South Korea, Japan reach breakthrough settlement on WWII sex slaves

Flowers are placed on a memorial wall commemorating the late former South and North Korean "comfort women" at the War and Women's Human Rights Museum" in Seoul. South Korea and Japan reached a breakthrough settlement Monday to resolve a decades-long dispute regarding Korean women forced into sex slavery by the Japanese military during World War II. Photo by Kim Kyung-Hoon/Reuters

South Korea and Japan reached a breakthrough settlement of $8.3 million to resolve a decades-long dispute regarding Korean women forced into sex slavery by the Japanese military during World War II.

The agreement, announced Monday, aims to resolve the emotional and historic grievance South Korea has held since Japan's colonial occupation, when tens of thousands of women from around Asia, many of them Korean, were sent to military brothels to provide sex to Japanese soldiers. Justice for these "comfort women," as they are euphemistically called, has been a deeply-contested political issue between the two countries for years.

The pledge from the Japanese government, about 1 billion yen, will establish a foundation to provide support for the victims. It was accompanied by a statement from the Japanese foreign minister saying that Shinzo Abe, the Japanese prime minister, "expresses anew his most sincere apologies and remorse to all the women who underwent immeasurable and painful experiences."

The new agreement comes as both governments are eager to move forward from this historic episode.

Abe told reporters that the agreement was based on his commitment to stop future generations from having to repeatedly apologize. After personally calling South Korean president Park Geun-hye to reiterate his apology, Abe said "Japan and South Korea are now entering a new era. … We should not drag this problem into the next generation."

For Seoul, the urgency comes as former sex slaves are passing away from old age without closure to the incident. "Most of victims are at an advanced age and nine died this year alone," Park said in a statement. "I hope the mental pains of the elderly comfort women will be eased."

But the agreement does not completely resolve the tensions between the Asian counterparts. The issues has been "officially resolved" before; the 1965 treaty that restored diplomatic relations between the two countries offered $800 million for compensation for colonial-era damages and there have been previous apologies from Japanese officials. But South Korea has been reluctant to accept the apologies because Japan has not accepted formal, legal responsibilities for the comfort women and has allegedly erased its wartime atrocities from its history books.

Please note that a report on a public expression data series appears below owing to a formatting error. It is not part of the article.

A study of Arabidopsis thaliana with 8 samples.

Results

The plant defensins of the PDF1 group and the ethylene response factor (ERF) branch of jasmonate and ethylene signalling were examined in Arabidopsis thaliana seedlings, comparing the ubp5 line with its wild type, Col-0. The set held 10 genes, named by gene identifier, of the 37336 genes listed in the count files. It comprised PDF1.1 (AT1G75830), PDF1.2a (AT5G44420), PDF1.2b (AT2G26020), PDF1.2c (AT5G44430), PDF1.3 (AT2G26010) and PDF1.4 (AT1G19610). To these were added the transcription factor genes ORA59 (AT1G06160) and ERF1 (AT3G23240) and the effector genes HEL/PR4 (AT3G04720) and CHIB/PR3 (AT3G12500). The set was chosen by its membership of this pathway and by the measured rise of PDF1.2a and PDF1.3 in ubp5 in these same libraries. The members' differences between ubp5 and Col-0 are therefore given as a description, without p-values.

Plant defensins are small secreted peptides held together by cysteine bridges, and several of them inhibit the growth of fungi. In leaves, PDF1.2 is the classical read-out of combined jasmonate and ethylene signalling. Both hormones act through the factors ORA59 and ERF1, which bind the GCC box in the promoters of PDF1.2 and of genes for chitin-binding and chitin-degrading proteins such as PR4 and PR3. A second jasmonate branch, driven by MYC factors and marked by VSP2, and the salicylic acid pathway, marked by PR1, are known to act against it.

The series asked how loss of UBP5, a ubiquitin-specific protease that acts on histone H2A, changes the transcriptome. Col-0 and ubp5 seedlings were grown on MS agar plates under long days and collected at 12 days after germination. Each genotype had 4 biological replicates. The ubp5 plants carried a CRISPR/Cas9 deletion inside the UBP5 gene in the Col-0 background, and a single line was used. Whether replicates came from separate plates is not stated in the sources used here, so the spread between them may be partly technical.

In line with this language, the Japanese foreign minister described the new pledge not as a legal compensation, but as a "project to relieve emotional scars and provide healing to the victims."

Former comfort woman Lee Young-su, 88, rejected the new agreement due to this language. "I don't think comfort women victims were even considered [in this resolution]" because Japan had still not taken legal responsibility, she told South Korea's Yonhap news.

A South Korean NGO called "Justice to the Comfort women" also rejected the settlement, written in a post on Facebook, because the statement was ambiguous and Abe did not even make it himself. "Therefore, it is impossible to accept today's apology as a sincere one," the post said.

South Korean Foreign Minister Yun Byung-se said Seoul considers the agreement "final and irreversible" as long as Japan faithfully follows through with its promises.

All in all, the deal came as good news to the U.S. which has been eager to see the two regional democracies establish better relations to create an unified front against the growing nuclear threat from North Korea.